By R.A. Schuetz
The two-year federal budget deal passed weeks ago included $6 billion for opioid addiction recovery and mental health, marking a vast increase over previous spending — the total federal funding prior had been $1 billion. The funds come on the heels of a year with the highest number of Connecticut opioid overdose deaths to date.
But while the money has been allocated, who will receive it has not. Over the upcoming year, members of Congress in the Senate and House will begin lobbying one another over how that sum will be divided between categories such as law enforcement, rehabilitation programs and the medical system.
Thursday in Norwalk, U.S. Senator Chris Murphy and Rep. Jim Himes sat down in with municipal officials, police officers, health professionals, advocates and recovering addicts from around Fairfield County to hear their thoughts on how the money should be used before entering the fray.
“What we know is that, despite our best efforts, this epidemic is getting worse, not better,” said Murphy, who sits on the Appropriations Committee that allocates federal funds.
“I hope you will give us a bit of a sense today about what you see is working and what you see is not working when it comes to the way in which we spend dollars because you’re about to get the biggest appropriation of federal dollars for this epidemic since it began,” he said.
Out of the $6 billion, $60 million is likely to go to Connecticut based on previous allocations of opioid crisis funding, Murphy said.
Deaths from overdoses in Connecticut surpassed 1,000 people for the first time in 2017. Norwalk police Lt. James Walsh said that heroin mixed with fentanyl — a drug hundreds of times more potent than heroin — is still prevalent in the area, although overdose deaths from fentanyl had gone down. However, a new trend is that people have begun buying fentanyl from China on the dark web and mixing it with heroin locally.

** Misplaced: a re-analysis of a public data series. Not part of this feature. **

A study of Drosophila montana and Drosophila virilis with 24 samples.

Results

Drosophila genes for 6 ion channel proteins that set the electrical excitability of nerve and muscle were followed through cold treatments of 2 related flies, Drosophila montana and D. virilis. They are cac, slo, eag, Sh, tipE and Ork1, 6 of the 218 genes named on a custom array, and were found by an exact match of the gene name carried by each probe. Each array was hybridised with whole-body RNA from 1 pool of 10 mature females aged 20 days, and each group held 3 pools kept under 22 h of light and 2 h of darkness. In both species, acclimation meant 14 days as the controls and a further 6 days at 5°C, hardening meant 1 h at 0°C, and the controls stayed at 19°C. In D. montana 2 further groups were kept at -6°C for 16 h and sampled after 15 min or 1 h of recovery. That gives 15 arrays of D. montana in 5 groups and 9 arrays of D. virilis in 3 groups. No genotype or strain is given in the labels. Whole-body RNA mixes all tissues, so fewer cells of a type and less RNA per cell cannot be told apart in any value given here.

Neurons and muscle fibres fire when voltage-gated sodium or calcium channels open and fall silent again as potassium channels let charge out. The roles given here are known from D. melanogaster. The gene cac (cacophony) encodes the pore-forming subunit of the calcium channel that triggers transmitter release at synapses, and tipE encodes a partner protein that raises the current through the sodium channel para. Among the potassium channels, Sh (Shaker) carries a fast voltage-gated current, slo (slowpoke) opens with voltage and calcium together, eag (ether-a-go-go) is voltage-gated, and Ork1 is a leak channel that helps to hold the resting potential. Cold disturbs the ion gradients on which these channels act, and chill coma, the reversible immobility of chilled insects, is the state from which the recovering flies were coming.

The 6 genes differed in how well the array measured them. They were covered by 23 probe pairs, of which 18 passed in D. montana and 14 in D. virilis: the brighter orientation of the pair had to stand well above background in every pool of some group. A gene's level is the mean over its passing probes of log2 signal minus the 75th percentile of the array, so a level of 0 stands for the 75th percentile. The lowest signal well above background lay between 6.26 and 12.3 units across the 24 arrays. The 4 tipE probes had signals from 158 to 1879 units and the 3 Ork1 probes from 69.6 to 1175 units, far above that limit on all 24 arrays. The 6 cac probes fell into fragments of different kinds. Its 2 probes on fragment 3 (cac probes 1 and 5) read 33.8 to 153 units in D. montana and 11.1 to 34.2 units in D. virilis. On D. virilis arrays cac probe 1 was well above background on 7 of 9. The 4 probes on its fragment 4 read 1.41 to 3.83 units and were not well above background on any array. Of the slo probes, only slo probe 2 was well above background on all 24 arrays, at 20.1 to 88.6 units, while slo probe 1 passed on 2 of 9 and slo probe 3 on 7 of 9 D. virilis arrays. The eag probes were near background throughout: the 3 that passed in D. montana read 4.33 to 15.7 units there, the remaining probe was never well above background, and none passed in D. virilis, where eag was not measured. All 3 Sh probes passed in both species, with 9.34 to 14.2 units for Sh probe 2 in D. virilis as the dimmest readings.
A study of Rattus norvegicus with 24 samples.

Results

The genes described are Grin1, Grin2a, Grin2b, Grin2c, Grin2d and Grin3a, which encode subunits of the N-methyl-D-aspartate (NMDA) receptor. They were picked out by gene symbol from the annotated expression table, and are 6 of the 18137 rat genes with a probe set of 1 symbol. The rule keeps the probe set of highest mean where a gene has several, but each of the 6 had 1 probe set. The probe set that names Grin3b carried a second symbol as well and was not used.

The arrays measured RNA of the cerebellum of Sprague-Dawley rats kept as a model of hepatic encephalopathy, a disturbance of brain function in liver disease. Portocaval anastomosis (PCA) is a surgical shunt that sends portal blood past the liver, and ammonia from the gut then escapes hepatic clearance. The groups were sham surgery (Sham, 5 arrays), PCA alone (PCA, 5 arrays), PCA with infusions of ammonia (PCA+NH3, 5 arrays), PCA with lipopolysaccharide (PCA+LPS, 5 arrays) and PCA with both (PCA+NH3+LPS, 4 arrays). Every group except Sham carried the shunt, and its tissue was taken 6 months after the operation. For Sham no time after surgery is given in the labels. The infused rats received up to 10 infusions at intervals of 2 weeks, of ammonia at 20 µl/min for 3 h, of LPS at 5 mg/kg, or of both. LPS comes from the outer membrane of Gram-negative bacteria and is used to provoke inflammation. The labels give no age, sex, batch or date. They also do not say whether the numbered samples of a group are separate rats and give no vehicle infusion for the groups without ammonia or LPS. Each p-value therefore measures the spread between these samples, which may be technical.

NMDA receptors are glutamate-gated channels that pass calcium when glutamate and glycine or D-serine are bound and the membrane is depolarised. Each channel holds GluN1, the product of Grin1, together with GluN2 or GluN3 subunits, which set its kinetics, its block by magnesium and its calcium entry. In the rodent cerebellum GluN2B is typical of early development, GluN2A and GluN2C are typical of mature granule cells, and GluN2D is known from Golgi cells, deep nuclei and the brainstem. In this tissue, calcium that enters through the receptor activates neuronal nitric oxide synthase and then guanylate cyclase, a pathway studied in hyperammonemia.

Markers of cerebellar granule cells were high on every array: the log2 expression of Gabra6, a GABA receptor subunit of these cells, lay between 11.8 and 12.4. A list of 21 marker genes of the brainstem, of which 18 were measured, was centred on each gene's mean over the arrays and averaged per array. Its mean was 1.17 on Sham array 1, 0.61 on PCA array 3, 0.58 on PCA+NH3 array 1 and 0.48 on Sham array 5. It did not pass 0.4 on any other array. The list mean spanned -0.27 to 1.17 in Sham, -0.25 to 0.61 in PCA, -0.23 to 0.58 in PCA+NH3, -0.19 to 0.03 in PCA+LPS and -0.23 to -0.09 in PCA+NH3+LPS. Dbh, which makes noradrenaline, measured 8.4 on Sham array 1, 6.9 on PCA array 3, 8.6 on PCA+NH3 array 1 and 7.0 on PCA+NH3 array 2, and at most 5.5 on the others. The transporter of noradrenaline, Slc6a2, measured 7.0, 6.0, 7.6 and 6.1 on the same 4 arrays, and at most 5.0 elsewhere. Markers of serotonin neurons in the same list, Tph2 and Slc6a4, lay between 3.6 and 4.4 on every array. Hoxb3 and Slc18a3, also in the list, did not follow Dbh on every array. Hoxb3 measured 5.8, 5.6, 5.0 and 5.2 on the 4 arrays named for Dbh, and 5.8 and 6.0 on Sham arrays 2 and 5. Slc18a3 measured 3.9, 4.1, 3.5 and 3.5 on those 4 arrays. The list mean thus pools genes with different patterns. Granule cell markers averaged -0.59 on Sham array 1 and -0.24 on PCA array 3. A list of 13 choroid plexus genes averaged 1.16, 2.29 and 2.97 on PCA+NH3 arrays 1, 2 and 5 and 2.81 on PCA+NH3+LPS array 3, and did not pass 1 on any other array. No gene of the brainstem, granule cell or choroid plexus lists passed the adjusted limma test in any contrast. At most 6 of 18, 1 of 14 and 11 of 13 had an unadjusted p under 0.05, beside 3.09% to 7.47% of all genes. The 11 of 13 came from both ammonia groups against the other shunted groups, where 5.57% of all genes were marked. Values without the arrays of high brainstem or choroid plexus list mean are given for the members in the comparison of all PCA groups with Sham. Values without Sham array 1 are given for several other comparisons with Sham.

The healthcare community’s suggestions for ways to fund the fight against opioid addiction were varied. Eileen Kardos, who works with population health at Norwalk Hospital, believed that more training for prescribers to be able to intervene in cases of substance abuse could help address the problem.
A model known as SBIRT (screening, brief intervention and referral to treatment) aims to put health care professionals more at ease referring patients to treatment.
“The SBIRT model has been very successful,” Kardos said. “And I think that prescribers and doctors and health care professionals really need to be comfortable having those conversations.”
On the treatment side, John D’Eramo, the president of MCCA, which provides substance abuse services in the greater Danbury area, outlined the impact recent budget cuts have had on the nonprofit. While cost of living has increased over the years, state budget cuts have forced the organization to make tough decisions. MCCA recently lost two of its 30-day rehab beds while trying to maximize the number of beds it uses for detox.
“And they’re both needed,” he said. “These are just the day-to-day challenges that a nonprofit faces in today’s situation with the state.”
Eric Collins, a psychologist at Silver Hill Hospital in New Canaan, wasn’t sure that more beds were the answer.
“Addiction is always a chronic, typically, and remitting illness. We can give people residential treatment, but if we don’t give them something for the long-term — I would analogize it to someone with diabetes,” he said, where long-term management is needed.
He believed that medications such as methadone maintenance and buprenorphine maintenance were an important part of treating addiction.
Afterward, Michael Askew, a recovery community center manager at Connecticut Community for Addiction Recovery, voiced frustration that the funding for addiction recovery and mental health had been bundled. A recovering addict for nearly three decades himself, he believed that the bundling would end up greatly reducing how much of the $6 billion goes toward opioid addiction.
“More money is allocated to mental health than substance abuse,” he said simply.
His hope was that some of the funding would be used to replace other recent cuts to federal funds.
Murphy said his biggest takeaways from the conversation were that there were not enough beds or prevention services.
While he saw the $6 billion as a start, he didn’t think it was enough.
“The problem is that the federal funding is coming at the same time that state funding is declining,” he said. “One of my worries is that the federal funding will be used to plug the gap left by decreasing state funding.”